The people are no longer willing to be fooled by the SAD’s dual standards and misleading statements
Slamming the Shiromani Akali Dal (SAD) for their double standards on the issue of NRC and CAA, Punjab Chief Minister Captain Amarinder Singh on Thursday asked the party to clarify their stand on support to the Bharatiya Janata Party (BJP), of which they were an ally in the central government.
The SAD had supported the ruling NDA’s Citizenship Amendment Act in Parliament, but had since come out with conflicting statements on the legislation, as well as the National Register of Citizens (NRC), Captain Amarinder pointed out, lambasting the Akalis for misleading the people on these sensitive issues.
In a hard-hitting reaction in the wake of the recent statements of SAD president Sukhbir Badal and Rajya Sabha member Naresh Gujral, seeking inclusion of Muslims in CAA, the Chief Minister said it was patently obvious that the Akalis were playing double games in the matter. It was clear, he said, that the SAD leaders had decided to backtrack on their earlier stand in view of the public protests and backlash triggered by CAA/NRC.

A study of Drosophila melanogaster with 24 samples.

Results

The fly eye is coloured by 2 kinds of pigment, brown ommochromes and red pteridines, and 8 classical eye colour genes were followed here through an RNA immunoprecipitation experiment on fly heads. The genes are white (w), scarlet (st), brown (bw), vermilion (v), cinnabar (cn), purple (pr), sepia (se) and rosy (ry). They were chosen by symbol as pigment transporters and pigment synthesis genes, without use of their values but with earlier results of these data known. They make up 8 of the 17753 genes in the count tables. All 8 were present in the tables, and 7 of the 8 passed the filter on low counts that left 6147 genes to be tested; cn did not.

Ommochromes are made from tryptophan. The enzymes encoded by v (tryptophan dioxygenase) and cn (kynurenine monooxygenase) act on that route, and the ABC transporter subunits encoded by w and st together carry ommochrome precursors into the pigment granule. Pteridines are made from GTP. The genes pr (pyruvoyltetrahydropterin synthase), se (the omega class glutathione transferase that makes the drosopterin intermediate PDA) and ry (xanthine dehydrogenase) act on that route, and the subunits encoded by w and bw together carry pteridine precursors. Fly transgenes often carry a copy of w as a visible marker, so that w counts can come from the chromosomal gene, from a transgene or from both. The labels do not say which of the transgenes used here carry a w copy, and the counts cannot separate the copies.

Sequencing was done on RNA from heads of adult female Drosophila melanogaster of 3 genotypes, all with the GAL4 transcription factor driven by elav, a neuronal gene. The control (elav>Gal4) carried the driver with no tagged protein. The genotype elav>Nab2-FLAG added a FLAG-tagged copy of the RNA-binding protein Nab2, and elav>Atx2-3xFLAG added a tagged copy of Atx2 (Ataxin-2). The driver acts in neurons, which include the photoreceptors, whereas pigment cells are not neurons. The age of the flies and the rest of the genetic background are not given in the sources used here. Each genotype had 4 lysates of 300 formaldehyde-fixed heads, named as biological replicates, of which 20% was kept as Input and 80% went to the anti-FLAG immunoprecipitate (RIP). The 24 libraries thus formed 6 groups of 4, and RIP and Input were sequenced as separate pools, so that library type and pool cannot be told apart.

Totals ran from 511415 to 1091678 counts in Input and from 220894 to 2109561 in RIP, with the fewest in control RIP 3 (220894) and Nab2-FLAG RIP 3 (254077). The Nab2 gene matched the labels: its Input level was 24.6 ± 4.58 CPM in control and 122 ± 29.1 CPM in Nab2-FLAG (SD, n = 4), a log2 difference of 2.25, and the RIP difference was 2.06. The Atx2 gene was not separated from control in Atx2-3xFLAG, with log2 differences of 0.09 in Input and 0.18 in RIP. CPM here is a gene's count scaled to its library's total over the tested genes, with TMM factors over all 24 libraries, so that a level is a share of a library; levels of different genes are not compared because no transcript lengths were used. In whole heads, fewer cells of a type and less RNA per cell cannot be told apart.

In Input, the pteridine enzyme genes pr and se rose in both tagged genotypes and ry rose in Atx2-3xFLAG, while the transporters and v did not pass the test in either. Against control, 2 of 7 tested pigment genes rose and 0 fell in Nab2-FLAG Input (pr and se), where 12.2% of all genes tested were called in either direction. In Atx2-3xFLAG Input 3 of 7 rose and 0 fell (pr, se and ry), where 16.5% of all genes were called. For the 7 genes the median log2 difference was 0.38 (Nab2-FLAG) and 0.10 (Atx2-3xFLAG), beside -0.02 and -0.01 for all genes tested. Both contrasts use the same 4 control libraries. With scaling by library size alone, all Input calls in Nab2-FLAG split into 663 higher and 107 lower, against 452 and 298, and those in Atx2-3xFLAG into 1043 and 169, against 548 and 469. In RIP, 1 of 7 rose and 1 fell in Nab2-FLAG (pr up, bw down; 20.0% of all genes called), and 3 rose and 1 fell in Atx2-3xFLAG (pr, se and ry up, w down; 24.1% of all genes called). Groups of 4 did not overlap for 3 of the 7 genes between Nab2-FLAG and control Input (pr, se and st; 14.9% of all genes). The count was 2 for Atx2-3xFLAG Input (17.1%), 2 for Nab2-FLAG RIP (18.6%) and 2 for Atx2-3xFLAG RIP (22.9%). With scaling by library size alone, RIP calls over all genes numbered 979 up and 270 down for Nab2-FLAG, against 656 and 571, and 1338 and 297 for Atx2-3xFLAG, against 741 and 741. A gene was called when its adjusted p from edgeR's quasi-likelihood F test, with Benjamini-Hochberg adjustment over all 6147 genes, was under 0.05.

This was not the first time the Akalis had shown such dual standards with regard to their relations with the BJP, said Captain Amarinder, pointing to the SAD’s support to Om Prakash Chautala’s INLD in the Haryana assembly elections even while continuing to be a part of the NDA. In fact, even while siding with INLD in Haryana, the SAD had allied with BJP in Punjab, where by-elections were being held at the same time in a couple of constituencies, he added.
It was time the SAD clarified their stand on their alliance with the NDA, said Captain Amarinder, adding that the people wanted to know whether the Akalis favoured BJP’s divisive and hardline ideology on key issues, including those that affect the Indian Constitutional principles and values. The people are no longer willing to be fooled by the SAD’s dual standards and misleading statements, he said.
Such contradictory stands and statements had exposed the fact that the Akalis were only interested in promoting their vested political interests, and had no ideological principles on any issue of national importance.